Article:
Individualism promotes creativity and innovation -- the lifeblood of most corporations -- but it's not terribly popular. Instead, many companies look for employees who embrace the organization's culture and play well with others. This all-for-one-and-one-for-all structure may feel secure to those who live within it, but it stifles individualism and could cost the company its edge over competitors.
Collectivism vs. Individualism
Much of corporate America embraces the collectivist model -- a lot like a football team. Each person has an assigned position with well-defined duties, and the coach, or the boss, calls the plays. Everyone works for the good of the team, no matter what the personal cost. The polar opposite, individualism, gets a lot of bad press: lone-wolf syndrome, self-centered attitude or sheer anarchy. But that’s not accurate. Individualism can devolve into chaos without central direction, but individualism in a vertical formation, where each team member is vying for results to move upward, can be very effective. It’s more like a track team, where individual accomplishments add up points for the whole team.
Individualism and Creative Ideas
Professors Barry Staw from the University of California Berkeley’s Haas School of Business and Jack Goncalo from Cornell University decided to challenge the conventional wisdom that collectivist organizations are more productive and that individualistic structures promote conflict. In a study published by the University of California Berkeley in 2006, they gave two groups of students surveys designed to influence their mindset toward either collectivism or individualism. Then they divided the students into collectivist and individualist groups and instructed them to be creative in determining how to use a commercial space vacated by a restaurant. The individualist groups presented a greater number of ideas and twice as many non-restaurant ideas as the collectivist groups.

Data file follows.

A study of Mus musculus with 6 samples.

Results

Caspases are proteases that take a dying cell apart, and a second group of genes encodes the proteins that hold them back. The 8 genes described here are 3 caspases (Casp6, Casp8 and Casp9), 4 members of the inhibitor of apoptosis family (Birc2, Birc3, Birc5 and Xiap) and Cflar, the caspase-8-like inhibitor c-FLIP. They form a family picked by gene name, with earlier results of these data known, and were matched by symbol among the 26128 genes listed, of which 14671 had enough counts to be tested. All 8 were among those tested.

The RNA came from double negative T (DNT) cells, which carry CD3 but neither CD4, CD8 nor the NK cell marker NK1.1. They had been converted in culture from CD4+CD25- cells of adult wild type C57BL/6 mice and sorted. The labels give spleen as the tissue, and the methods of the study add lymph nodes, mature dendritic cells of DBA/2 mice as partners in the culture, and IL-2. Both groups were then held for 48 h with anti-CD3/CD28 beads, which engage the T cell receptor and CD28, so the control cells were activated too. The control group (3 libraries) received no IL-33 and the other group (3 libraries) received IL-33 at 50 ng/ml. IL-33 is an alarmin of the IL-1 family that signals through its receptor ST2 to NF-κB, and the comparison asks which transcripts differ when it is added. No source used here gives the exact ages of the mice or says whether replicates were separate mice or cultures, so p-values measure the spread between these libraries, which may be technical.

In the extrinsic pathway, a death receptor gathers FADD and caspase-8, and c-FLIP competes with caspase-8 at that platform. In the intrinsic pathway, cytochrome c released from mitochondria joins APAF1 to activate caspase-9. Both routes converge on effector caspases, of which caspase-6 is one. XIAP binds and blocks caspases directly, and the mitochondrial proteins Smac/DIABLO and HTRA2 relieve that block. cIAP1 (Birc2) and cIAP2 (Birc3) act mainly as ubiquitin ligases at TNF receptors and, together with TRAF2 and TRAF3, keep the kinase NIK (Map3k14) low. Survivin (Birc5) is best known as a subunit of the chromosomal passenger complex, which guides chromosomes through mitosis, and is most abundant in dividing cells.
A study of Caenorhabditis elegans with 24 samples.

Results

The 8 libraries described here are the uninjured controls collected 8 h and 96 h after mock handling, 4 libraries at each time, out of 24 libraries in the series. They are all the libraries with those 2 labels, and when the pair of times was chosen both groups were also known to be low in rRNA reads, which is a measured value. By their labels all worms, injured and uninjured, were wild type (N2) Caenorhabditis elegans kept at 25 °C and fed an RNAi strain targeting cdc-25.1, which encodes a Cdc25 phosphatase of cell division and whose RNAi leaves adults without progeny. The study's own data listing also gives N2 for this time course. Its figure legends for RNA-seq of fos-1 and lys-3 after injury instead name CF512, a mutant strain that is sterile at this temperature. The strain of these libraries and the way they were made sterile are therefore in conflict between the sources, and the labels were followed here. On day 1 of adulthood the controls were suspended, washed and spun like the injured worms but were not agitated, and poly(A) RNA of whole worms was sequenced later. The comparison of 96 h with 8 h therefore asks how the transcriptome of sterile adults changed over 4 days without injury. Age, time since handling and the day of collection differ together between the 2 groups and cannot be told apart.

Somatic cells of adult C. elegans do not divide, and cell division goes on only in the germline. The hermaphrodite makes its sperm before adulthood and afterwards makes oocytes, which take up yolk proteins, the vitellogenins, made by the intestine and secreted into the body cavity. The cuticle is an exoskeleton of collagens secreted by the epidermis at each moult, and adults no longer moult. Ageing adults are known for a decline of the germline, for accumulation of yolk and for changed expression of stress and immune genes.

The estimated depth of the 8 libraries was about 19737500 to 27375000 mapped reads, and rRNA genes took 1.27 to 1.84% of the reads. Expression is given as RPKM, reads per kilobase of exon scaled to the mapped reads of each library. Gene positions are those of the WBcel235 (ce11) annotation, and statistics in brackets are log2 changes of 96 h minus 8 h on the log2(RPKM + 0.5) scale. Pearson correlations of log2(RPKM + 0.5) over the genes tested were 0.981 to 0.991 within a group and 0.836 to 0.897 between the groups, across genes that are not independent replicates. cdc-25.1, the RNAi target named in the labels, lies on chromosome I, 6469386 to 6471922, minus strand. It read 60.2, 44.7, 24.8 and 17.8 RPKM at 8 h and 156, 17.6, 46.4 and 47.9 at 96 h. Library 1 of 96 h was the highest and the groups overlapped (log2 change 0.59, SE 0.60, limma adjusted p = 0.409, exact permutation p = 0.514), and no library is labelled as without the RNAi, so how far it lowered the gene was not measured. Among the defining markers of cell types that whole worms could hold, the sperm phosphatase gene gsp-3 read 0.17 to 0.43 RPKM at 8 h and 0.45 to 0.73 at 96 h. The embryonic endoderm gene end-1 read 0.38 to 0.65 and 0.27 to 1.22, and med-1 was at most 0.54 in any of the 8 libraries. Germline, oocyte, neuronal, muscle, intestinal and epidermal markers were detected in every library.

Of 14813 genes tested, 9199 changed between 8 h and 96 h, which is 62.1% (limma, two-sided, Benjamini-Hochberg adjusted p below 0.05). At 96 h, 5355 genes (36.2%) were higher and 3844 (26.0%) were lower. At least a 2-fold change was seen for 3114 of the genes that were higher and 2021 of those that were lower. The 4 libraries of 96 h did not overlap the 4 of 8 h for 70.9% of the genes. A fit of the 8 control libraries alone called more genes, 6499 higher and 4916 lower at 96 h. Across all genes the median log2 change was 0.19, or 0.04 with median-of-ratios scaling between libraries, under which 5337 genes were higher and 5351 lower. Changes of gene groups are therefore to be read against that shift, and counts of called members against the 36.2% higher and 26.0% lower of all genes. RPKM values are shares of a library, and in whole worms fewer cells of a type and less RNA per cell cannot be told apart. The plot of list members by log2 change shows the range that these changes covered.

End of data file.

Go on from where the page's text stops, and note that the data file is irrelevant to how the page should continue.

Individualism and Product Innovation
In a separate study published in 2011 by the National Academy of Sciences, University of California Berkeley Economics Professors Yuriy Gorodnichenko and Gerard Roland created a growth model to predict how companies with a collectivist culture would fare in competition with companies with an individualist culture when producing goods. They found that individualistic entrepreneurs produced higher-quality goods because they derive higher monetary rewards plus increased social status from producing a superior product. While the collectivists had an advantage with well-established products, the individualist-oriented companies outperformed them when it came to the production of new, innovative products.
Efficiency vs. Creativity
Gorodnichenko and Roland found that a collectivist structure provides for greater efficiency because it’s easier to get approvals and move from conception to production when a larger group of people participate in decision-making and decisions reflect consensus. An individualist atmosphere, however, is more conducive to creativity because it rewards personal achievements like new inventions, scientific discoveries or innovative artistic designs, and individualist companies tend to allocate more personnel resources to innovative activities.
A retired federal senior executive currently working as a management consultant and communications expert, Mary Bauer has written and edited for senior U.S. government audiences, including the White House, since 1984. She holds a Master of Arts in French from George Mason University and a Bachelor of Arts in English, French and international relations from Aquinas College.